Q: My 21-year-old son who lives with me broke up with his girlfriend of two years. This was not a mutual split. He has found another and moved on. I understand, but I dearly miss the first girl. She was part of our family and I feel like I’ve lost a child.
I would like to stay in touch. My son says he doesn’t care. I don’t want to encourage her toward my son. He’s done with her. What’s good ex-etiquette?
A: Your problem is no different than any “in-law” faces when their child breaks up with someone. You get attached, they are not around anymore, and you miss them.
As you might expect, I’m an advocate of staying in touch with past partners, but that is based on the best interest of the children produced from the relationship. Then you are grandma staying in touch with your grandchildren’s mother or father. When there are no children, you really have to do some soul-searching.
First, you said the breakup was not mutual. Therefore, your ongoing relationship with your child’s former partner may give her false hope of getting back together with your son. It’s a connection.
Your conversations will inevitably include him — she’ll know what he’s doing, where he might be, follow him on Facebook through being friends with you, etc. That will keep him forefront in her mind and if she really does want to get over him, your presence will make that more difficult — at least for now. If she harbors a not-so-secret desire to get back together, how much she knows about him could get kind of creepy.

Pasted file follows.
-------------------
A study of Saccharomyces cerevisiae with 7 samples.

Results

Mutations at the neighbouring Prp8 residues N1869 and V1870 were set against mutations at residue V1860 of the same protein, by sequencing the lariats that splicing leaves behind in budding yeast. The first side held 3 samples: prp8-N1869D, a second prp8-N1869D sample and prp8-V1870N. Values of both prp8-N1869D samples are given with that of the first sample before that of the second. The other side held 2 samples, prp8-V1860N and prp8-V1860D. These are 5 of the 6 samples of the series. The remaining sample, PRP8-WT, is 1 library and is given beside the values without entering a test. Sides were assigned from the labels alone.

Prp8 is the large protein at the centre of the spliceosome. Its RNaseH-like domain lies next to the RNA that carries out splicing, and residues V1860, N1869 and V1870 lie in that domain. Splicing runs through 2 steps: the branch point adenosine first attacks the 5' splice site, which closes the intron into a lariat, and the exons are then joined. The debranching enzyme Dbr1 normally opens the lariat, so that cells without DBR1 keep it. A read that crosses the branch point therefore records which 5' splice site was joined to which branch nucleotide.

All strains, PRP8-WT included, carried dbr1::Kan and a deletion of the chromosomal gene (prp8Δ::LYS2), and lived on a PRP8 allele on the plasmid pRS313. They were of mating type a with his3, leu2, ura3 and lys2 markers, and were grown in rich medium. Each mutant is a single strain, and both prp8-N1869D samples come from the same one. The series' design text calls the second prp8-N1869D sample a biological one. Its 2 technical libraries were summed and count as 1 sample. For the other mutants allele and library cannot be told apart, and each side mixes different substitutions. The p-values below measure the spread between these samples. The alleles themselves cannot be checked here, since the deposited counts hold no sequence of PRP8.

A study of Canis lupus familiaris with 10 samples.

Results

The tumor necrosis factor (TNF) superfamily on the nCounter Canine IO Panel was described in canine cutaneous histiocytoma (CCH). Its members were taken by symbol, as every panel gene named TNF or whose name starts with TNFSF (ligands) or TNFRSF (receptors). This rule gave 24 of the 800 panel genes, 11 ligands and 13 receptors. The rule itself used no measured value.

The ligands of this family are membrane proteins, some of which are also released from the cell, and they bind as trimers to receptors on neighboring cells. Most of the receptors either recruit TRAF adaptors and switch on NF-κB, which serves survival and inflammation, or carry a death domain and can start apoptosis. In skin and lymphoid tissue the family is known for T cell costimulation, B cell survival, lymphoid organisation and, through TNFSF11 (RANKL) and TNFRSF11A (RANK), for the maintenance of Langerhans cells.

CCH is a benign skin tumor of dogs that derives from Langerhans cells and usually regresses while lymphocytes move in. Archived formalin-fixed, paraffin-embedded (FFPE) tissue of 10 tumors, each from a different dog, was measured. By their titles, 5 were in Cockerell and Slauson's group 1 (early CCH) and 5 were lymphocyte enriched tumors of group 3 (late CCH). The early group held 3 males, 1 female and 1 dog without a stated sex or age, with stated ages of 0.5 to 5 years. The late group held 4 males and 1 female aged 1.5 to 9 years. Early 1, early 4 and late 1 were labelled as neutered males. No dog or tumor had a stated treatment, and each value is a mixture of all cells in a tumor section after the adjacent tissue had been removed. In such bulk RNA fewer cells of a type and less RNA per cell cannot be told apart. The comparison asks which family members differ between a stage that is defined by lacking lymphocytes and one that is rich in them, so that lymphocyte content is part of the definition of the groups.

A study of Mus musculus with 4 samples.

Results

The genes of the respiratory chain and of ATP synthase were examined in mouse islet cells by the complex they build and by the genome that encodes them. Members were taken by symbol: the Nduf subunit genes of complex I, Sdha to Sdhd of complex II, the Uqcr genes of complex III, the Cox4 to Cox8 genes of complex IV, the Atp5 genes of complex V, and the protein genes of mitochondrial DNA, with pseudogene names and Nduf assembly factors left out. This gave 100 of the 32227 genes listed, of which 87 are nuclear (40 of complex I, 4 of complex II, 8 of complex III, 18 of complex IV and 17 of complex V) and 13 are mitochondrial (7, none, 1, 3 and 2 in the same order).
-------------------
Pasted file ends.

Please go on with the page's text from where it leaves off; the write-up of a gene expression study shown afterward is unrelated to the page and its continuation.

Second, now that your son has moved on, you probably will want to bond with the new girlfriend. She may perceive you as a “traitor” for encouraging a relationship with her boyfriend’s past girlfriend. “You like her better — I don’t like you.”
New girlfriend doesn’t like mom equals new girlfriend and son will not be around much. Your son lives with you. If you want that to continue — perhaps he’s going to college and it’s a necessity — it’s not a good idea to alienate the girlfriend. He will end up living with the girlfriend, his schooling might suffer and you will definitely not see him as often as you like.
So, this all boils down to: Tread softly in the past.
Be honest and straightforward. Don’t try to secretly maintain the old relationship while cultivating the new. Someone will find out and you will look like a traitor.
If you do talk to the old girlfriend, be honest. “I love you and miss you, but I think it is best we let some time pass before we speak on a regular basis.”
And then watch how your son’s new relationship progresses. When all is said and done, your allegiance lies with your son, and as long as he’s being straight with both women, that’s whose lead you follow.